Living in today’s world, one can only be realistic in knowing that despite the best of efforts, sometimes families fall apart.  And when they do, and parents divorce – it is often the children that are left to clean up the pieces of the life they knew and rebuild.  Divorce among couples with children can be so difficult because not only are the adults going through a phase of discomfort, grief, and uncertainty – but the children are as well.  This makes it difficult for mom and dad to always be there to say the right things to their child so that the kids feel safe.  And, this is okay.  You need to give yourself a break – and realize that time will help to heal the wounds of divorce that are inflicted upon you and your children.

Eventually, at some point – your child will say the 5 little words that will break your heart.  “When is daddy coming home?” “Why isn’t daddy there, where is he sleeping?  When will he come and eat dinner with us, or help me finish my fort in the backyard?” Even though you thought you explained the whole thing to your child, the reality of living as separate families in separate homes can be heartbreaking for your child to endure.  So often, it is the kids that are caught in the middle of a divorce.  This is often why so many couples just stay in unhappy marriages until their children are older hoping that they will never have to answer such painful questions as these from their children.

A study performed at the University of Utah by child psychologists and sociologist interviewed thousands of children from broken families.  In the study, they came up with many strategies for parents to keep in mind when discussing divorce with the kids.  And the one message that remained clear was that honesty, from the beginning, was the very best policy!

Among the thousands of children interviewed, around 80% said they knew that their family was having trouble long before the actual news of the divorce was delivered.  Most of the time parents deliberate and argue divorce behind closed doors, in what they think is an environment that shelters the children.  But children know when something is amuck.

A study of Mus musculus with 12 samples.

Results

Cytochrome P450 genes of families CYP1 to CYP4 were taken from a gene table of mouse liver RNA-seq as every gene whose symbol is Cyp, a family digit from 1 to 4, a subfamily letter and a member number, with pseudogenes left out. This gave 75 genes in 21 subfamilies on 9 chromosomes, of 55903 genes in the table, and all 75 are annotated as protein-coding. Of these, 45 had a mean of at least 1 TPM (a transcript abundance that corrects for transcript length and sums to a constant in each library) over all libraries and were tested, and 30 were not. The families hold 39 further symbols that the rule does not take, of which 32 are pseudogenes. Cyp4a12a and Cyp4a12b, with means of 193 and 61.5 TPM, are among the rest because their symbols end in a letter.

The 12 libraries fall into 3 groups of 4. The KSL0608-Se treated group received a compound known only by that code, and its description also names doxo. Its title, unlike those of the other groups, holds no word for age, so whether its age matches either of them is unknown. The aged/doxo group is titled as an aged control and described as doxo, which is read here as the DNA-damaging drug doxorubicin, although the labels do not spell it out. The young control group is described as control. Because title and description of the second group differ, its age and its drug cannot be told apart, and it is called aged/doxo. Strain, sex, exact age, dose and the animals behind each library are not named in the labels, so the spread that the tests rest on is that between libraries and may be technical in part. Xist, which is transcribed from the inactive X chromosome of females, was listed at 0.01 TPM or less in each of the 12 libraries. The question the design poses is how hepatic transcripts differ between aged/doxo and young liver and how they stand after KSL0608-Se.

This is why it is so important to be as honest as possible as soon as possible.  The experts said that the actual moment that children were told about the divorce was the most memorable moment for the kids.  They suggest that gathering the family together as whole, reining in parental emotions in the moment and having a family discussion that includes ALL the members (even the youngest) of the family is critical.  When parents reach this point, they should have some sort of framework in mind of what is going to happen because kids will have a lot of questions about their future.  If these questions and worries go unanswered – the kid’s lives can be turned upside down.  So step one, is to tell your family together as a united front – even if it is the last united thing the two of you do as parents.

Then, open the floor.  Tell them as much as you know about living arrangements and where the kids will be.  Talk to them about schools, and grandparents and homes.  Talk to them about what will change, and what will stay the same.  Additionally, the experts believe that parents should do their very best to deal with the reactions of their children.  Many parents are surprised to find out that their kids are actually happy about the divorce, which will bring an end to the familial discomfort that they have been feeling for weeks, months, or years.  Other kids are sad.  And most kids feel a combination of both.  It is important that parents don’t automatically assume how their kids will react, and inflict words such as, “I know this is painful,” or “I know you will be sad,” when delivering the news.  Instead, let your children’s reactions be their own – and deal with them.

When you handle the divorce in this manner – the children will be less likely to ask confusing questions such as “When is Daddy coming home,” or “Why is mommy not taking us to school?”  You will arm them with a routine, and a list of things to expect and they will understand from the beginning what the divorce means to them.

The most automatic response for parents is to shield children from pain.  When it comes to a divorce, a separation among the family – a new routine, a new life, it is nearly impossible to do so.  Refrain from blaming one another and instead turn your focus into making the new family arrangements as positive as possible.  Sure, this can be difficult – but according to the kids who have been through this with their parents – this is the very best way to prepare them emotionally and make the process as painless as possible for them.

A divorce doesn’t have to be a negative thing for a child.  When parents act maturely and swiftly, and set aside their own pain in order to deliver accurate messages to their children – the kids can adapt quite well in the long run.  If there is a question or concern that your children have that you don’t have the answers for, then try to ease your child’s mind by getting their input and asking them what they want.